Mad Men or Mad Fem? Both are needed for a more diverse and exciting creative culture

You’d think that since the days of Peggy Olson (a copywriter character) played by Elisabeth Moss in the fictional series Mad Men, things must have changed for female creatives.

But while looking for statistics to bolster this article, it was frankly depressing to see that not much has altered since 1970.

Sure, there have been huge strides forward for women in many sectors but in the commercial creative world there’s plenty still to do.

A few facts to back this statement up. According to a 2018 article by Kathryn Ellis, Planning Director at McCann Bristol, 89 per cent of creative directors in the UK are men. Not that surprising. However, when you read that the gender split of graduates training to get into the creative industry, is biased towards women at 61.7 per cent – you have to ask where are they going? Because they aren’t ending up in creative departments across the UK.

To help me answer this, or at least highlight some blockers that women face, I asked three creatives that I highly respect.

The first is an award-winning Art Director from my London days, Louise Ellis (now Blackmore):

 I met Phil at Bucks University and we had an instant creative chemistry. During our 10 years at various network agencies we enjoyed plenty of shared success and were paid equally – good times.

 

However, as the name in brackets suggests, I married Phil and we decided to start a family. This is where adland massively fails women in my opinion. Companies need to be doing more to ensure they’re supporting women through pregnancy so that they feel confident they’ll have a role to come back to. I think it’s often assumed that women won’t be able to focus or think if they have children – which is absurd! If you haven’t already, take a look at the Motherhood Penalty and train all your staff to avoid this bias.

 The next to comment is Lucy Harrison, a Middleweight Copywriter at Create Health:

 I think more needs to be done to get the facts out there. I had no idea of how massive the drop off rate is. I think if young women had more of an idea of how slim the competition is for women, they would be more confident applying for creative roles. On top of this, women are statistically the main consumer group in terms of house-hold purchases etc. – if more young women were aware of the power they hold in the market place, they may realise how valuable their perspective is to advertising. Why leave it to men to figure out how to sell to women?!

 The final thoughts come from Christina Beani, a Senior Designer at Create Health:

 I think exposure to all genders in senior roles would normalise the idea of both males and females taking the lead. When I think about women in the industry it is hard to list many, but when I think of older women in the industry (late 40’s… 50’s and upwards) I struggle to think of many that I can look up to. I personally would love to learn from females in the industry with years of experience. Seeing more females in articles, on lecture panels and judging would be brilliant.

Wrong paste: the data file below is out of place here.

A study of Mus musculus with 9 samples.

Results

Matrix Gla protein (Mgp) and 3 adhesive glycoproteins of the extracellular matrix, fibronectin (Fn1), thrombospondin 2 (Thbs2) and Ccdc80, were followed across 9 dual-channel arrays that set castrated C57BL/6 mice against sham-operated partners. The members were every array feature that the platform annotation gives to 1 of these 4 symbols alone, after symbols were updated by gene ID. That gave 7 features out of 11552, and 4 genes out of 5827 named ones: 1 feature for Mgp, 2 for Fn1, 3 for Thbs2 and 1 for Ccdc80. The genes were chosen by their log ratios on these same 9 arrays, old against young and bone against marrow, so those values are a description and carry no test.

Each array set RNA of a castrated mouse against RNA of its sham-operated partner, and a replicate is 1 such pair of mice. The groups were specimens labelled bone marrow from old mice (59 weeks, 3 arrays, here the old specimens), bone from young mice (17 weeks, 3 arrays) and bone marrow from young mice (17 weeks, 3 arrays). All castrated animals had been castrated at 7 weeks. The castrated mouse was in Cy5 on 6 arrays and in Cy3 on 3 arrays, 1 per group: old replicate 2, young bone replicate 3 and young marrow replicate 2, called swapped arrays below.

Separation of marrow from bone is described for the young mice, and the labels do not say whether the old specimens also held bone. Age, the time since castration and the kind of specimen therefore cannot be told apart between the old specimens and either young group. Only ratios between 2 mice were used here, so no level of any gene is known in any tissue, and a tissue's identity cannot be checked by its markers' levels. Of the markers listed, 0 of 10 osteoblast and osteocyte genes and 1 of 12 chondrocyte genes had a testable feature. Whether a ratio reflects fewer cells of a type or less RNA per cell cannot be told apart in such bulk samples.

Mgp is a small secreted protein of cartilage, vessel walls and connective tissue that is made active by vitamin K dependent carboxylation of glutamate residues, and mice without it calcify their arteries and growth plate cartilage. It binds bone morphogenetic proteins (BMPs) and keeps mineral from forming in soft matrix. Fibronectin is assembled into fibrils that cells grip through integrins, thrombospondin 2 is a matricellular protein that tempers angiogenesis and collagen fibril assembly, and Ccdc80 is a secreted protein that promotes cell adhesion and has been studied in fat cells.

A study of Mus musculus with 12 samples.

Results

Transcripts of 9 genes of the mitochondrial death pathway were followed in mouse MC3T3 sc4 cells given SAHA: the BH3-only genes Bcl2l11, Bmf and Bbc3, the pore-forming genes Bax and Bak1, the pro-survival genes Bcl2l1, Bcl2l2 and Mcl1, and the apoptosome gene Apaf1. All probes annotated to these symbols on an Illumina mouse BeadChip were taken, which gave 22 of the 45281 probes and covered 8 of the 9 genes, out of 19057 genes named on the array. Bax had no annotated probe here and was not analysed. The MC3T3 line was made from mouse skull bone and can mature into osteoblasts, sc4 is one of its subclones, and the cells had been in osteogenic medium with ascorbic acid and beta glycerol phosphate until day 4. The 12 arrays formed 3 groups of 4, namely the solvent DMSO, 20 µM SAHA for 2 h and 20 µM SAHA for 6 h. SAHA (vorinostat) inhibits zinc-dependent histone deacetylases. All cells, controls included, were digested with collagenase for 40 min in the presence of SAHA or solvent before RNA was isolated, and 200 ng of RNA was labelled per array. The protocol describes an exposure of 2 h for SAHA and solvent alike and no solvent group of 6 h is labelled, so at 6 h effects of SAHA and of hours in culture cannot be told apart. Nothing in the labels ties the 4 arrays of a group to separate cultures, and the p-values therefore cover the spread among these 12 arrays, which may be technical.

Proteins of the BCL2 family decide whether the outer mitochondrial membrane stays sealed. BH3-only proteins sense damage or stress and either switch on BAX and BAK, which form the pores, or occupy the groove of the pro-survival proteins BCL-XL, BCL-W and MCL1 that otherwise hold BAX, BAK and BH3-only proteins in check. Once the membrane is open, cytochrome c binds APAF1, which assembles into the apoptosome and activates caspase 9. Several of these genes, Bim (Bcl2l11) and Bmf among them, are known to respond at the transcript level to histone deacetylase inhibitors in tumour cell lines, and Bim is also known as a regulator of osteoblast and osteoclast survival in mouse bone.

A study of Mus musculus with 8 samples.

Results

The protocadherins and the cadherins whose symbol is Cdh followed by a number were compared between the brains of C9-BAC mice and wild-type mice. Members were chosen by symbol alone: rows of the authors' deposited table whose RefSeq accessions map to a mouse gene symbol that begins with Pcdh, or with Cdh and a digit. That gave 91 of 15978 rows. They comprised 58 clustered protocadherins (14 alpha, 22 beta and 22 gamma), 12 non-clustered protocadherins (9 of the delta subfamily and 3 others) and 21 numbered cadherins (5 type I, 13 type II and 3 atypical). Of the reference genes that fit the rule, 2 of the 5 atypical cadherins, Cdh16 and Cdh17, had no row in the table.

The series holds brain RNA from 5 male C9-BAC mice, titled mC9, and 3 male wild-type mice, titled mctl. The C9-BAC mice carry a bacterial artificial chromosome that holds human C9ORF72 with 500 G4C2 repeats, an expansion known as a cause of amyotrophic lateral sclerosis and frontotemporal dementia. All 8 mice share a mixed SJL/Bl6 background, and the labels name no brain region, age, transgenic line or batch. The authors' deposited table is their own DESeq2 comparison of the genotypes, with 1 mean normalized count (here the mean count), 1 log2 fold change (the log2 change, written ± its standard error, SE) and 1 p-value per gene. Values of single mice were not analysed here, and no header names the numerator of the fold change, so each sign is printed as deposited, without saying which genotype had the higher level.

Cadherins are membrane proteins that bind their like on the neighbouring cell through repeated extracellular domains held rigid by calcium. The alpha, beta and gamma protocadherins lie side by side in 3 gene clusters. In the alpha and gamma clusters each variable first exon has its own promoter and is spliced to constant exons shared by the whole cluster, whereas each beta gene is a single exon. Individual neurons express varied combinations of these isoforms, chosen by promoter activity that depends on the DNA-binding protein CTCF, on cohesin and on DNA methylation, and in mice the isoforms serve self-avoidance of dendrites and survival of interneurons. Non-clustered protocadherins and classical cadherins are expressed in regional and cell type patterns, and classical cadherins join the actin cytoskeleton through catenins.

I also think we need to reset respect. I have worked under a couple of women in senior roles, like CD, and I have to say, even though they were good at their job – they didn’t have the same inherited respect the male seniors did. They were often seen as bossy, bitches or uber-emotional – this engrained misogyny has to change. But it’s up to women and men to sort it out!

What needs to be done to ensure more females on creative courses end up in creative departments?

To sum up and add to the comments above, it’s clear that supporting life choices, normalising senior female leads and resetting respect is key to encouraging more women into the industry. But I also feel that agencies need to create environments where anyone can thrive – the ‘old boys clubs’ for example need to go. Another important step is greater mentoring of women by men and vice versa. We could all do with learning from the experiences of others.

So how can men become allies for women?

  1. Start mentoring women new to, or looking to get into the creative industry
  2. Give women the floor in meetings and don’t interrupt them
  3. Read up on bias in the workplace, share learnings with your team
  4. Champion the female superstars within your agency (and retain them after pregnancy)
  5. Stop focussing on gender – creatives come in all shapes and sizes – it’s their work/brain that matters!

I hope this article encourages more discussions about this topic and if anyone is looking for advice on how to get into advertising, and why being a creative is the best job ever, please don’t hesitate to reach out via LinkedIn.

Worth taking a look at:

https://be-om.co/journal/conversations-with-leading-women-in-the-creative-industry/

https://ladieswinedesign.com/

https://www.3percentmovement.com/getinvolved

https://weareshesays.com/

About the author

Phil Blackmore is Creative Director at Create Health, a strategic and creative healthcare agency.  Create Health has championed and created a number of campaigns focused on mental health awareness and creating a positive mindset. Examples include its recent #CreatePositivity campaign which aimed to provide a safe space online for those suffering with anxiety during the coronavirus crisis and Healthy Young Minds, which set school children across the country fun STEM challenges.